Things You Need to Know About Pearls
Pearls have always been a symbol of elegance, timelessness and are one of the top trends in jewellery. Read here everything you need to understand about pearls if you are a newbie to this luxuriant yet fragile gemstone.
Pearls are gemstones which stand out from the rest. Unlike many jewels, they are organic, born from animals rather than the earth’s crust or mantle. They are also uncommon in that they can take months to a few years to form, as opposed to the millions of years stones such as diamonds or sapphires take. It is known that pearls are gems of the sea. But when it comes to understanding the value of a pearl or purchasing pearl jewellery, that's all you might know. But it takes more to make an educated choice.
So, here are a few things you need to know about pearls:
Types of Pearls
Pearls are broadly classified as natural and cultured pearls. Natural or wild pearls are found by chance by shellfish harvesters. There is no human intervention involved. However, finding a pearl through this process is an extreme rarity, due to which they are sold at a higher price point. Natural pearls may also be smaller in size when compared to cultured pearls.
Cultured pearls are produced in a pearl farm with human intervention. Here, an irritant is inserted into the molluscs’ shell. A majority of pearls found in marketplaces today are cultured, and most of them come from China, Japan, Indonesia, Philippines and Australia. Cultured pearls are further divided into:
- Akoya Pearls – Often referred to as "classic pearls”, Akoya pearls have grown off the Japanese coast for the past 100 years. When you imagine the classic strand of round white pearls, you’re thinking of Akoya pearls as they are known for their perfectly round shape and reflective lustre.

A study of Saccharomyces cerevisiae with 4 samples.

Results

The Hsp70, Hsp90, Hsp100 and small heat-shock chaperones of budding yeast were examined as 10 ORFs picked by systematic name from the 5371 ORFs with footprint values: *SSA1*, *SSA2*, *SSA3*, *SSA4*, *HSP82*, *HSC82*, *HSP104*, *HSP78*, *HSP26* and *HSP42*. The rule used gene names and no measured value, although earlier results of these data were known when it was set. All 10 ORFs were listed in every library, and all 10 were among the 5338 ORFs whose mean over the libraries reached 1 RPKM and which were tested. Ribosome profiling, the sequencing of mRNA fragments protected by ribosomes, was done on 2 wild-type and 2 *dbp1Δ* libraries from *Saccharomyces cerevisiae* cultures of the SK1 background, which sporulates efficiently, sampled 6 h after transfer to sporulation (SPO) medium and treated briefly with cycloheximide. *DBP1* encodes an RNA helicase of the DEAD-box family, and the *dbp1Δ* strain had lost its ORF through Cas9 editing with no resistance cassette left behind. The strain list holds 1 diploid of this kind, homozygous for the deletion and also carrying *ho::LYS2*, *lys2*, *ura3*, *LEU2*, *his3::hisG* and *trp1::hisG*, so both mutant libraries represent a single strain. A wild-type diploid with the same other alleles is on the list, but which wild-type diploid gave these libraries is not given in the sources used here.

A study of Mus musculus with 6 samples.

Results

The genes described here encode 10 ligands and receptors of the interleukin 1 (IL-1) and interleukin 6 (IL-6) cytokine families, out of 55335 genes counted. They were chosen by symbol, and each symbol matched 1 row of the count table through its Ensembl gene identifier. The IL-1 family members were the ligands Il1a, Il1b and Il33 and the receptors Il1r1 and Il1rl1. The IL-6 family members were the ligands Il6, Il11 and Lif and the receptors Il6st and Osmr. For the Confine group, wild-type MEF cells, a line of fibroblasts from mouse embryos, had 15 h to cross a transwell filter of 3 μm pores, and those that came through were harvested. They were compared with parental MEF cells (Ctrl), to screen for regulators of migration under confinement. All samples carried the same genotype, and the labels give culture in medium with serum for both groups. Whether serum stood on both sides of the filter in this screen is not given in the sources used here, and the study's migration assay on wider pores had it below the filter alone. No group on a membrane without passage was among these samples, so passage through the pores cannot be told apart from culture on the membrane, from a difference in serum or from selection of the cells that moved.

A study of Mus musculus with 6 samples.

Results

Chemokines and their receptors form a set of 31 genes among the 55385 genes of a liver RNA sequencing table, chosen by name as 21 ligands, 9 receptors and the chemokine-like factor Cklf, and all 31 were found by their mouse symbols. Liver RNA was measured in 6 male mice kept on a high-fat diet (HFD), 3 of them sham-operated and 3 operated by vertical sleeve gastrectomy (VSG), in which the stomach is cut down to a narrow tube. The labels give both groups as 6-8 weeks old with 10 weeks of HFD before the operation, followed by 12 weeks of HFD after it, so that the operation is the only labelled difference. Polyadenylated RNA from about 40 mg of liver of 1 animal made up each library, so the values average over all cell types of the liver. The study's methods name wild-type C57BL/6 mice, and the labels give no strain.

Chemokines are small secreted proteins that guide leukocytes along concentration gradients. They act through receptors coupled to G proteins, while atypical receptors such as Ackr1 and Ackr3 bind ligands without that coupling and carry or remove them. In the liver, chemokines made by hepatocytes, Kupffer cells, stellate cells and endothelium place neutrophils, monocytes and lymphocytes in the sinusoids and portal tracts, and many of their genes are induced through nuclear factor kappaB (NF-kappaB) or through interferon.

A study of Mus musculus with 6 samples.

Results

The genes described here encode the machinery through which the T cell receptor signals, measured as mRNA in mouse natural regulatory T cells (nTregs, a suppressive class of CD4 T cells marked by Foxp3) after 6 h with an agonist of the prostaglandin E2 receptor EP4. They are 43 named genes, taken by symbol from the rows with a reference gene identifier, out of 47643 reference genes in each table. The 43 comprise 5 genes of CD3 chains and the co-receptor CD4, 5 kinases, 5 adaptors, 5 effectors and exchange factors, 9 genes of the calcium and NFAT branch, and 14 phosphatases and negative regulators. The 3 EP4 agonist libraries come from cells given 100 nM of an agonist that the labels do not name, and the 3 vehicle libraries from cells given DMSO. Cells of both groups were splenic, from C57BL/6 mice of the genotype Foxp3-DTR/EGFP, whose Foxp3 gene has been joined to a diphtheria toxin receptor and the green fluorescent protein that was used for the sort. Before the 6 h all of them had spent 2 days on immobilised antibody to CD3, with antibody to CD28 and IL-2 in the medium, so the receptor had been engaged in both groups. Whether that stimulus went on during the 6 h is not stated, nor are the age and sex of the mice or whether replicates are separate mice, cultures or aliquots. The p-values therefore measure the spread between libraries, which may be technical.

- Freshwater Pearls – These are the least expensive pearls and the perfect choice for women who are fashion conscious. Their baroque shapes and a wide range of pastel colours are famous. They are also less lustrous than Akoya pearls.
- Tahitian Pearls – Often called "dark and exotic," these Pearls are naturally black pearls but also found in green, blue and grey. They are usually found in French Polynesia. Round Tahitian pearls are very rare and are often seen as drops and ovals.
- South Sea Pearls – These pearls are known as the Rolls-Royce of Pearls as they are the largest seawater pearls grown today. They are found in Indonesia, Philippines and Australia with colours ranging from white to gold. Their enormity in size makes them quite rare, but perfect for a statement necklace.
Differentiate Between Real and Fake Pearls
Real pearls have an abundance of natural beauty and value. On the other hand, fake pearls are priced at less cost. The faux, costume or imitation pearls are made of plastic, glass or fish-scale imitation. Here are some easy ways to differentiate between real and fake pearls:
- When viewed under a magnifying glass, you will be able to spot surface ridges similar to sand dunes on real pearls. Counterfeit pearls will either look smooth or have bubbles.
- Real pearls will have an enriched body colour with overtones of other shades. Fake pearls will look white and flat.
- Real pearls are cold to the touch. You won’t feel the same coldness while handling fake pearls.
- If you were to rub real pearls across your teeth, they will feel gritty, while fake ones would feel smooth.
- Real pearls will appear smooth around holes drilled into them. Fake pearls will show bumps or some roughness.
What to Look for While Buying Pearl Jewellery
It's not very often people buy jewellery. It is good to keep certain things in mind while purchasing jewellery if you are someone who only likes to own a couple of pieces. It's the same for your pearls. Pearl jewellery is slightly different from others as they are formed within a living organism. This plays a significant part in the purchase of pearl jewellery.
- Natural pearls are extremely rare and hence several times more expensive than cultured pearls. Educate yourself on the different types of pearls.
- The number of layers of nacre and their thickness determine the quality of a pearl. Therefore, a pearl’s lustre influences its value.
- Perls are classified according to their surface smoothness. Blemish-free pearls are available at premium prices; small spots do not lower their value as much as chips or cracks.
- A pearl’s price will increase exponentially with its size.
Now that you know all about pearls, you can move to jewellery stores to peruse and purchase the exquisite collection of pearl jewellery of your own.